It’s time to elevate your drinking style from a six-pack of cans to a collection of bottles you’re proud to pour. Don’t have at-home mixology down to a science? We’ll get you there. Each week, On the Rocks takes a look at a spirit that deserves a spot in your liquor lineup and delivers a cocktail recipe that’s sure to impress your friends, family, and the girl who’s not afraid to down a stiff drink.
The Spirit: Campari
Bright red, tangy, and delightfully bitter, Campari is an Italian apéritif (a drink to be had before dinner to stimulate the appetite) that’s made with a closely guarded mix of herbs. To the inexperienced liquor palate, the astringency of Campari can put a lot of people off, but once you work past the initial shock of bitterness, the tongue prickling punch lightens up your body with a medicinal warmth and fruity finish. It goes great with soda water, orange juice, or grapefruit juice, and should be readily accompanied with an orange peal. Whether or not you learn to love the stuff as is, when properly balanced, Campari is a phenomenal mixer that any novice mixologist can use to make drinks sing with complexity.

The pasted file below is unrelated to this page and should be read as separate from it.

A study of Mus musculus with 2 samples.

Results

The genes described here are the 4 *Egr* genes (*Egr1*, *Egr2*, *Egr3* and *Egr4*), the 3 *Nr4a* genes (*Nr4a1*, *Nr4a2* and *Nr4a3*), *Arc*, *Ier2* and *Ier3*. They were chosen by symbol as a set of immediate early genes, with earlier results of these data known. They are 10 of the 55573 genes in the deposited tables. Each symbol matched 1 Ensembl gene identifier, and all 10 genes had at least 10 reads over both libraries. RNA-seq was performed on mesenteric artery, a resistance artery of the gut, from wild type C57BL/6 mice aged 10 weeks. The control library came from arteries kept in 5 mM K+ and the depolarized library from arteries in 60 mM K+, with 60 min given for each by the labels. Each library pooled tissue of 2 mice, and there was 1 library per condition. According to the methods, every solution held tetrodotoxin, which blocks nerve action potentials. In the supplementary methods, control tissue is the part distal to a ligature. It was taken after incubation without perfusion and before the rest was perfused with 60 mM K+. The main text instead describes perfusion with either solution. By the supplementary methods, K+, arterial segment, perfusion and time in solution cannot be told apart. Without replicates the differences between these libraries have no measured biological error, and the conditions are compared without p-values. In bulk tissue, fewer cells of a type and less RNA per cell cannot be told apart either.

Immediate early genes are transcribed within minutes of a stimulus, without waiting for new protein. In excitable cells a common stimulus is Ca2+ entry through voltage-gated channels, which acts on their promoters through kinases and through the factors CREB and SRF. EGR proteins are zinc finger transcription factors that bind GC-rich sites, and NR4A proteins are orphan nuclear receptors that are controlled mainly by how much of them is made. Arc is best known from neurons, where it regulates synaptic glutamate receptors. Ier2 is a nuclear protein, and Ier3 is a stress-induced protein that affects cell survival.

The Cocktail: The Negroni
On a tipsy day in 1919, an Italian count, Camillo Negroni, marched into café and demanded that the bartender amp up the juice in his Americano (a Campari-based cocktail) by substituting gin for the traditional soda water. The bartender did as he was told, finishing the new concoction with a twist of orange, and vóila! A new cocktail was born. The Negroni–arguably one of the most famous cocktails out there–is a great before or after-dinner cocktail that pairs well with citrus fruits and bitter greens. It starts with an astringent maple sweetness and finishes with herbal aromatics and refreshing orange zest. Yes, she’s a sexy beast.
- 1 oz gin
- 1 oz Campari
- 1 oz sweet vermouth
- 1 orange peal
- Combine gin, Campari, and sweet vermouth in a mixing glass. Stir for about 12 seconds, or until chilled.
- Strain into a rocks glass with ice. Garnish with an orange twist.
The Bottle: Campari
It’s widely available in most liquor stores, so this one should be an easy find and will set you back about $30 a bottle.